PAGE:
StubHub and the Philadelphia 76ers agreed to a first-of-its-kind deal for a major professional American sport on Monday. StubHub pays the NBA team $5 million a year, and in exchange, the Sixers put tiny little StubHub ads on the front of their jerseys.
StubHub CEO Scott O' Neil gave some god-awful quotes to Rovell, evoking a hypothetical "9-year-old Scottie" who would want to buy a sponsored jersey because he'll "want to wear what the players are wearing on the court."
O'Neil also said some fun stuff in the Sixers' official press release:
“This marks another groundbreaking first for the Philadelphia 76ers and StubHub. Our brands are now inextricably linked as we create lifelong memories for our fans in Philadelphia and around the world,” said Philadelphia 76ers CEO Scott O’Neil.
Of course, there's the requisite pearl-clutching from those on social media:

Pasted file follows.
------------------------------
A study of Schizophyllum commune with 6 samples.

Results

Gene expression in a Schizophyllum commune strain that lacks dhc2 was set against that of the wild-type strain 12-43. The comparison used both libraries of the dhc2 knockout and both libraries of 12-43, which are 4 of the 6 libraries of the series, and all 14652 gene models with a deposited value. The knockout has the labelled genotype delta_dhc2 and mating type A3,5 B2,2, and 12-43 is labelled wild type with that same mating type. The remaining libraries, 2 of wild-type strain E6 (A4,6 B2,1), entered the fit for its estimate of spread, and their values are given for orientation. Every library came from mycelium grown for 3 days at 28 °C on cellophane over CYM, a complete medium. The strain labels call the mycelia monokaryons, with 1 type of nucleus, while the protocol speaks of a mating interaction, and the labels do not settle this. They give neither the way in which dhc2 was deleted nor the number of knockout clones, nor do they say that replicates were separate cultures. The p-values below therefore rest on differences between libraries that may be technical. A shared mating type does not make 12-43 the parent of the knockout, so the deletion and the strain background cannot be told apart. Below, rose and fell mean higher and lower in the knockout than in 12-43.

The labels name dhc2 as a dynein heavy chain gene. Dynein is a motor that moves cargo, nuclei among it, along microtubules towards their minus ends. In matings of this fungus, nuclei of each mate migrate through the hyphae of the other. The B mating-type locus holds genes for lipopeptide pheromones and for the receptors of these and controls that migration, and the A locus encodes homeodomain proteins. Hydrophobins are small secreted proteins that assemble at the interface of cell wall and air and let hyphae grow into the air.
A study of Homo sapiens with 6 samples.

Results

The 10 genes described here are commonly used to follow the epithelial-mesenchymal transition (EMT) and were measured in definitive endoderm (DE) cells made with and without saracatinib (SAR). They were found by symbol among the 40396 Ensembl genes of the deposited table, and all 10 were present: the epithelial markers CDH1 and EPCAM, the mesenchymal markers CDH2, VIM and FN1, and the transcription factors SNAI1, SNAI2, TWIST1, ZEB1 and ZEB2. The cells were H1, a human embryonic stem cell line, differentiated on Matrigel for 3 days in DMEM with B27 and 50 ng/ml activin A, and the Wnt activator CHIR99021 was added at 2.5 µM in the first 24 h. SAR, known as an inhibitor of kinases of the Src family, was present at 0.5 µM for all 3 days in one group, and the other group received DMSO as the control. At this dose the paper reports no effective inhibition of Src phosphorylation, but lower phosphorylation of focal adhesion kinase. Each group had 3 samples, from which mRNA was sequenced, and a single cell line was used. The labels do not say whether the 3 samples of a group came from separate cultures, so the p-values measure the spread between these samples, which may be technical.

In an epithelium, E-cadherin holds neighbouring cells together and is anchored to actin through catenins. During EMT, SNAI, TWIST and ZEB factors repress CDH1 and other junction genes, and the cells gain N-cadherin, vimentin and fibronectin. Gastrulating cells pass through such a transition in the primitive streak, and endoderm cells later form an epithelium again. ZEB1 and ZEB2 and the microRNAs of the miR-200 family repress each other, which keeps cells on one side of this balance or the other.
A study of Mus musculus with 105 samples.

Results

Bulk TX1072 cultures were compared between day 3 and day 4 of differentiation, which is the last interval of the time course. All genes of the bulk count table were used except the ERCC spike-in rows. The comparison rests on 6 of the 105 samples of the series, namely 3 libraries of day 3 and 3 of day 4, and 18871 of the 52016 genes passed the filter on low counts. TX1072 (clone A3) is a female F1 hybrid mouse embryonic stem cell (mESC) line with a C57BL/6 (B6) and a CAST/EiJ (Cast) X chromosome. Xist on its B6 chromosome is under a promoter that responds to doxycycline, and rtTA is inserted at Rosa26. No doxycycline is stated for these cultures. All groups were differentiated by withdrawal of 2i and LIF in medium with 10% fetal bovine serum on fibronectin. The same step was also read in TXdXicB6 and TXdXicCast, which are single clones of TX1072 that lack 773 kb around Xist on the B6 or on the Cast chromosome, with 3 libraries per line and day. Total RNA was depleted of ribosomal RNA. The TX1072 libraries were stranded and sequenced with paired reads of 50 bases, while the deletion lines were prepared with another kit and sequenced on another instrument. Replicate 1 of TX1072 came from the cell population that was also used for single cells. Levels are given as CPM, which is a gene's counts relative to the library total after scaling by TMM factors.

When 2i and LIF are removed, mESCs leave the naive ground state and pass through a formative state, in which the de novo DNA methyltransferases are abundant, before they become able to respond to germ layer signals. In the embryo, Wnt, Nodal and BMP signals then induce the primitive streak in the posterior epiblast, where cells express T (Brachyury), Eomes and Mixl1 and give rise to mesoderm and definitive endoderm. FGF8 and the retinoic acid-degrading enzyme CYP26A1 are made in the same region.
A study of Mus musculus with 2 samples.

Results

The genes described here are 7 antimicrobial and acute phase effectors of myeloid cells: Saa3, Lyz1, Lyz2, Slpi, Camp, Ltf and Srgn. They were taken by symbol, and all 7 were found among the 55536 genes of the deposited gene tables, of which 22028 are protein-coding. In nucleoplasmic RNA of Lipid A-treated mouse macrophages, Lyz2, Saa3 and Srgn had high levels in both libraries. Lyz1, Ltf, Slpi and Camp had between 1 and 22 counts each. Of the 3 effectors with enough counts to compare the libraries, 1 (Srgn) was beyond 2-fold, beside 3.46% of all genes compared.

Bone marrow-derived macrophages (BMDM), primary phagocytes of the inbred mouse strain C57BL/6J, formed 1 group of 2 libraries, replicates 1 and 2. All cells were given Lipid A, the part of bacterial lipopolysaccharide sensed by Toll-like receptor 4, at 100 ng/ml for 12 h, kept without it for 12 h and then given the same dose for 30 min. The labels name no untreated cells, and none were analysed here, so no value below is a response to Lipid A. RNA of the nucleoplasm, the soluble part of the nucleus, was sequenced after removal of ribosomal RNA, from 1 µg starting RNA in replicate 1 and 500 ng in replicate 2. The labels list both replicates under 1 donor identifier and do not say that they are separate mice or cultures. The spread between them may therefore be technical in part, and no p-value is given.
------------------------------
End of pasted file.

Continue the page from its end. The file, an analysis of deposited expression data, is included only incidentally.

And honestly, it makes sense. I get it! The StubHub CEO is going above and beyond to sound like the worst kind of corporate bullshitter with some of these quotes, but it's naive to see this move as some kind of tragedy.
You can find these ads on soccer jerseys in every major European league; it's been a normal practice since Jagermeister bought ads for the Eintracht Braunschweig's jerseys in 1973. Adam Silver, the NBA's commissioner, said in 2014 that ads on jerseys were inevitable. And it's not like the NBA or other major professional sports resist the encroachment of advertising on their product; hell, there's ads every three minutes in a televised NBA game, and every single arena has a corporate sponsor attached.
I don't know how someone walks into the Quicken Loans Arena, walks past the Pepsi concession stands, sits down in their seat across from the banner ads surrounding the court, and then decides to draw the line at the tiny 2.5 inch patch on the jersey of their team.
It's pretty simple: if there's money to be made, the NBA is going to make it. Now, it's just a matter of how quickly every other franchise follows in the Sixers' footsteps.
Michael Rosen is a reporter for Fusion based out of Oakland.